Using Barthes’ sensibility to analyze the myths circulated during the recent Labour leader campaign, I think I can safely say that charting the way Jeremy Corbyn was turned into a threat means understanding the work of one particular tool: the headline.
Two days ago, the headline actually burst into the content of the news itself when an editor at the Daily Telegraph, which presents itself as a non-tabloid conservative paper, had to back down over his headline for Corbyn’s appointment of John Mcdonnell to his shadow cabinet: Corbyn has just appointed a nutjob as his shadow chancellor. Today’s foxhunting set don’t go for that chav stuff, which is so much for the maid, so the editor eventualy changed the headline.
In the process, though, he briefly lit up the politics of headlines.
As writers know, and readers, for the most part, don’t, the headline is not composed by the writer of the story or the review or column. Headlines are thus, peculiar things, true relics of, if not the death of the author, at least his or her continued subservience to the institution or patron for whom they write. On the one hand, the headline must tip the reader into the story in some way, while on the other, they must also operate to show how the reader is to read the story. In this second function, headlines are more akin to the answer to riddles, or the punchline to jokes, or the moral of fables, than they are to the entry in a dictionary or encyclopedia. That is, headlines are less indexical, or denotative, than oracular, or connotative.
They also exist systematically, which means that headlines can be treated as a genre, with certain conventions. The Telegraph editor’s mistake was one of misunderstanding the headline convention that is given by the paper.
Tabloids, of course, are famous for exploiting certain conventions of the headline – transmuting the typographical excess of the headline into a more general rhetorical excess. Readers of the NY Post or the Sun know that the game is all in the headline, and that the rest is, for the most part, filler – thus neatly reversing the “normal” relationship between text and title. Non-tabloid papers also transmute the excess of the headline, but in a different way: here, the libidinal possibilities of the headline are sublimated. It is the quintessential bourgeouis act, act least in the classic Weberian sense – like the capital that is accumulated by the bourgeois and spent prudently, the headline’s typographic independence is made subservient, for the most part, to a more nuanced interpretation of the text that follows. One might say that the non-tabloid paper understands itself to have an indexical responsibility. Thus, the print is normally smaller, the use of slang lesser, the spirit of gleefulness, when released, turned into giggliness rather than sadistic display, and so on. Of course, just as the answer to a riddle is different than the answer to a mathematical problem (the riddle both solves a cognitive disjunction and exploit the shock of it, for one thing; for another thing, a riddle limits its systematic effect), so, too, is a headline different from merely a paraphrase. It is in this difference that a certain politics ranges.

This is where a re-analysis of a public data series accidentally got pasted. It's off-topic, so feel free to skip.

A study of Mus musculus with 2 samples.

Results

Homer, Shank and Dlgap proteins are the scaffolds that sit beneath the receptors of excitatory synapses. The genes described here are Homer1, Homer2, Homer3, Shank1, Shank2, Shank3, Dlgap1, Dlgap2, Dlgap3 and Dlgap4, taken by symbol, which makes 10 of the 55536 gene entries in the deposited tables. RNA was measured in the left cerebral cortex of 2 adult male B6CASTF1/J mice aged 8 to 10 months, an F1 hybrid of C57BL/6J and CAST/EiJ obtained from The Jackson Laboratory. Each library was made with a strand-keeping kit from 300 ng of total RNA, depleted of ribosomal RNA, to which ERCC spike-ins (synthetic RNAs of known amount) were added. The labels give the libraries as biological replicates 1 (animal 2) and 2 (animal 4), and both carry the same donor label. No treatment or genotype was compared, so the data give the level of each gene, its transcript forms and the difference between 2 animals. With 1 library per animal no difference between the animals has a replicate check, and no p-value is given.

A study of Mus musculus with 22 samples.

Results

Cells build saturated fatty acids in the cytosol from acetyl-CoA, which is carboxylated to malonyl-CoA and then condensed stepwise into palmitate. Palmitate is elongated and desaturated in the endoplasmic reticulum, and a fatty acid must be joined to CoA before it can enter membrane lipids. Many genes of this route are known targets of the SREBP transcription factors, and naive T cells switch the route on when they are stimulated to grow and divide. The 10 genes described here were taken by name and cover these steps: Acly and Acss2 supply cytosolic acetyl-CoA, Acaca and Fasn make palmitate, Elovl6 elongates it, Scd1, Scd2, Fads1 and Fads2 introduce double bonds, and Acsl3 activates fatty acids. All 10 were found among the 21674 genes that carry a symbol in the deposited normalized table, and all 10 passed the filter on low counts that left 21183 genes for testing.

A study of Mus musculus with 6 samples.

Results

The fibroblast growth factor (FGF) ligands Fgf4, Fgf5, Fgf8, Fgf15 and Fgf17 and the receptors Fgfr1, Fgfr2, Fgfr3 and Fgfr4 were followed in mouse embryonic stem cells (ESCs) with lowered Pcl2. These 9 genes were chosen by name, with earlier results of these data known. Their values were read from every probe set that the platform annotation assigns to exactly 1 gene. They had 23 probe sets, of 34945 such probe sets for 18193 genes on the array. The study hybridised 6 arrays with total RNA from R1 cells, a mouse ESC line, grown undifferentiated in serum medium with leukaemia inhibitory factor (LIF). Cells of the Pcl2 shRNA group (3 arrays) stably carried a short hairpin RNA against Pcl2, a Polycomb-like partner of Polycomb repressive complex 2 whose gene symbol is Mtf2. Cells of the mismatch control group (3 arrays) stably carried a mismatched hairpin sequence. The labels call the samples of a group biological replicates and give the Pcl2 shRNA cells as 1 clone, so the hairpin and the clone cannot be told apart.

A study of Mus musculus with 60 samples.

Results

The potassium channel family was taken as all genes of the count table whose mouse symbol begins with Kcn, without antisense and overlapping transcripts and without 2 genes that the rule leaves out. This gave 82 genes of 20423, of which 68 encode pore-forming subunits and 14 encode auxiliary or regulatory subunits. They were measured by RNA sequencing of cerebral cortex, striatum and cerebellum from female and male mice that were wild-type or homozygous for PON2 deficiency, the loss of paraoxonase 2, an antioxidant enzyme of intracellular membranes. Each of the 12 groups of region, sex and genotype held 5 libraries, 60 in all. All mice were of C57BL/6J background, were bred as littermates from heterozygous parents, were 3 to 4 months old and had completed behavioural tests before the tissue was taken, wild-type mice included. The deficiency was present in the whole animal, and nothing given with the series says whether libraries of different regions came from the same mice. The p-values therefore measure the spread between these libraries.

One noticed – readers noticed and commented on – the sudden appropriation of tabloid like headlines by the Guardian and the Telegraph as Jeremy Corbyn moved from being a political eccentric to the leader of Britain’s second largest political party. Here, one feels, the headline, in all its implication, started driving the news. Private eye made a funny comparison of what Corbyn said and what he was reported to have said – underlining the systematic bias of the newspapers. The abridgement and distortion of Corbyn’s comments – whether about Hamas and Hezbollah or about Osama bin Laden or about segregating trains at rush hour between men and women – is not something I’m going to go over one more time. Rather, I want to point out that the spirit of the headline, with its capacity to seemingly contain a whole truth while actually operating a fiction-making abridgment, infected, as it were, the reporting itself.
This does not exhaust the meaning of headline politics in this instance, though. For passing beyond the effects of the text, there is also the total effect of the headline in the newspaper context to consider. A headline, after all, announces something new. In the case of Corbyn, much of what was reported wasn’t new at all – he has been a remarkably busy speaker over time. But the effect of the headlines was to make it seem as though new information was being dug up about Corbyn – or, to put this inversely, that Corbyn was hiding his past. This is of course an especially important maneuver in modern image management, so much so that we have a name for it now: gotcha journalism. It is not just that the figure who is “gotten” is exposed, but the exposure implies that the figure has been busy hiding. It makes the newspaper’s research, which is not actually very much work, nowadays, what with Google, seem like an “investigation.”
There is probably much more to say about this rich topic, but now I have to pick my son up from school. So that is it.